In Michigan, the Sault Ste. Marie Tribe of Chippewa Indians has been trying to create a gaming venue off reservation lands. The project has been slow going, seemingly encountering delay after delay. Now, according to the tribe, progress has been made to help move the project along.
The tribe has sent in an application to try and be approved for land-into-trust by the Bureau of Indian Affairs to create a casino in the Lansing area of Michigan. A decision has not been made in regard to the tribe’s application but a letter was presented to the tribe on the final day the Obama Administration was in office that helps to start the path to approval based on Michigan Indian Land Claims Settlement Act provisions.
Aaron Payment is the chairman of the tribe who recently stated in a press release that the tribe is within federal law and have legal rights to pursue the opportunity to create thousands of new jobs as well as generate millions in new revenues to help benefit tribal members as well as the people of Lansing, public school students in the area, the Huron Township’s people and the state.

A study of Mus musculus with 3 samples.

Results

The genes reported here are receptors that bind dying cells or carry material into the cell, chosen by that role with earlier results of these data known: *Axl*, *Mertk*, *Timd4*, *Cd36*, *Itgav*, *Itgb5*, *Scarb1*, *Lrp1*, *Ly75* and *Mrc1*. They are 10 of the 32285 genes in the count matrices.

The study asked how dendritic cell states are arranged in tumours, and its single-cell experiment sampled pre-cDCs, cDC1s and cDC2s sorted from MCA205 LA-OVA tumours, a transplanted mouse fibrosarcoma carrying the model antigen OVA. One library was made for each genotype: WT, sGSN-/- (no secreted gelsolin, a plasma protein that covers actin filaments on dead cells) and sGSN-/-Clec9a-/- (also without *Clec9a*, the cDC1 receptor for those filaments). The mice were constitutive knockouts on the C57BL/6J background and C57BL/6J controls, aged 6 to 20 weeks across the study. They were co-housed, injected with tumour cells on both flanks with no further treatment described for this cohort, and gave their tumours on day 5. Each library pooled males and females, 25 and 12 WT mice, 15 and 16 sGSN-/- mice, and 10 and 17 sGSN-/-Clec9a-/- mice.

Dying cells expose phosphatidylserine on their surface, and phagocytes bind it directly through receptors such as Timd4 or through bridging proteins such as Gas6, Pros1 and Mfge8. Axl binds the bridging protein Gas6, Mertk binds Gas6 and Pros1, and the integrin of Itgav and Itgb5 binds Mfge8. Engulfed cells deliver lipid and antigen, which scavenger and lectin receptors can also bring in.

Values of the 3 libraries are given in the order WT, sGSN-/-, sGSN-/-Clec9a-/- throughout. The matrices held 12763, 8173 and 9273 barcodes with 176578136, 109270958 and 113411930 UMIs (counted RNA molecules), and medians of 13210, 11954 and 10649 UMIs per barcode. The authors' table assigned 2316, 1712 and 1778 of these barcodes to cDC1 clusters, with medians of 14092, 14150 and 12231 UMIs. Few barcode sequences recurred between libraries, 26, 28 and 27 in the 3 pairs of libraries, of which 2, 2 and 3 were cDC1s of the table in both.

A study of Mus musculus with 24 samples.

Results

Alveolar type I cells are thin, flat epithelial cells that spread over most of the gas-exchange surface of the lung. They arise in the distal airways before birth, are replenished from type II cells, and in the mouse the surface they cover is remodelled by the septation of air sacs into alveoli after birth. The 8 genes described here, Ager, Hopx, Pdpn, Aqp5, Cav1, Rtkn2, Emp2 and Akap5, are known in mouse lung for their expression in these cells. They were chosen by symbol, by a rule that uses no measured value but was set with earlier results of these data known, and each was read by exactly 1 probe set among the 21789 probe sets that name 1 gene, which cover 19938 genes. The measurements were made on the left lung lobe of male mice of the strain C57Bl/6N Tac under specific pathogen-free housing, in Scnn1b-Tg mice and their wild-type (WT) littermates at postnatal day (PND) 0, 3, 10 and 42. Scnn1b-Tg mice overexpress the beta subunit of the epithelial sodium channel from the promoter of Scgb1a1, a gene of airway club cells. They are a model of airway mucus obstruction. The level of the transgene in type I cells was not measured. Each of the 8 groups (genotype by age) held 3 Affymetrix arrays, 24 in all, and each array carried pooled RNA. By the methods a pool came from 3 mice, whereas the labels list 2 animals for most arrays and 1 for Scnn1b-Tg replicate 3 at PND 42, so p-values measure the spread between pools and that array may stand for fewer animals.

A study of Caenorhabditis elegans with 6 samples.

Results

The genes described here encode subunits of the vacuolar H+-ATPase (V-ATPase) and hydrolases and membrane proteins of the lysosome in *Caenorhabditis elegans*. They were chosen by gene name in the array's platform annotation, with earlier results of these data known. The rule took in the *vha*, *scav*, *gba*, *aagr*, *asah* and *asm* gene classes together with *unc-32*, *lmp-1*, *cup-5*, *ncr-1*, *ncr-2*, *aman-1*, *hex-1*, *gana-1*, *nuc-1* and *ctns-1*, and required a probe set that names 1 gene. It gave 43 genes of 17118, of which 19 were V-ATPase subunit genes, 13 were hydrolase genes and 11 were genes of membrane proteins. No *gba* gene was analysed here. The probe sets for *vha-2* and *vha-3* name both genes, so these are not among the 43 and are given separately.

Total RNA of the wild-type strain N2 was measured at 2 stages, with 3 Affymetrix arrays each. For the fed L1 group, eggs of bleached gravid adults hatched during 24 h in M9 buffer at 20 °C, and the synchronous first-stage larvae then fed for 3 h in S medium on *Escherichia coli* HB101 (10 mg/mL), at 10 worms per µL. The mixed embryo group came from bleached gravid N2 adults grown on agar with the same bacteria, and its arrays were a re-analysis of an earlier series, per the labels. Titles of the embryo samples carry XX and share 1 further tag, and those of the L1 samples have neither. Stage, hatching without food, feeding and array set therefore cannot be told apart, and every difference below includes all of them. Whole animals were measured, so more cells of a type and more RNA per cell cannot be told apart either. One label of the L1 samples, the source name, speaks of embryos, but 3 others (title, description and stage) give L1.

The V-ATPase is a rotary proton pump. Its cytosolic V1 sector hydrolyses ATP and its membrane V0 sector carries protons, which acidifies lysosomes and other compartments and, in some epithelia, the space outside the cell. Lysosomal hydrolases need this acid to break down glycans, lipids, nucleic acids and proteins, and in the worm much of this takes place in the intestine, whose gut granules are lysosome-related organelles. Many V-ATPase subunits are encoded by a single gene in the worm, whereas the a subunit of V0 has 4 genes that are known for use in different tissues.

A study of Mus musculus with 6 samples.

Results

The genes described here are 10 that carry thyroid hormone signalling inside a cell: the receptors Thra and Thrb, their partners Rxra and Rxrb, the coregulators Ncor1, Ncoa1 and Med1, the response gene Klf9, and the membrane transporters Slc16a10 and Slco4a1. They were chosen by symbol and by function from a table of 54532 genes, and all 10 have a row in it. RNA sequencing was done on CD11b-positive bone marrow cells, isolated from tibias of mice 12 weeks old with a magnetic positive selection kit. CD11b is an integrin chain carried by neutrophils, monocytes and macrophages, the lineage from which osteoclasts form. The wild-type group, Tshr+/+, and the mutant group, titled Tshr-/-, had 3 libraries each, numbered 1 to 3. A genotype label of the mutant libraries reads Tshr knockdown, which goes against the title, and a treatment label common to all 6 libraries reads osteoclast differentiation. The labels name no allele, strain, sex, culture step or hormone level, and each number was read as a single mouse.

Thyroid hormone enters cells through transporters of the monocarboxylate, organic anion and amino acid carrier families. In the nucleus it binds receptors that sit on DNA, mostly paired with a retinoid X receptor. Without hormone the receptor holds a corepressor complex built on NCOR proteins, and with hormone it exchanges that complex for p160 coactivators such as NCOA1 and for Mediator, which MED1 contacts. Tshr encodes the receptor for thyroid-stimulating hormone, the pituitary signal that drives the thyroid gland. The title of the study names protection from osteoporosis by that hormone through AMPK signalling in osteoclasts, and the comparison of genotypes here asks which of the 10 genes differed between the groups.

The site proposed for the casino by the tribe was purchased with funds from the land claim settlement. Current law requires that properties such as this be placed in a trust that is called a mandatory acquisition. According to the Bureau of Indian Affairs, the tribe will have to provide more evidence to show that they meet the conditions set in the law. This means that the new administration of Donald Trump will have to make the decision and he has not indicated as to how he will handle matters involving off-reservation gaming.
The tribe has plans to create a casino in Lansing that would have 125,000 square feet of space and create 700 construction jobs during creation and 1,500 permanent employment positions once completed. Revenues would be provided for Lansing to help fund the Promise Scholarships program, which provides four-year college scholarships for Lansing high school graduates.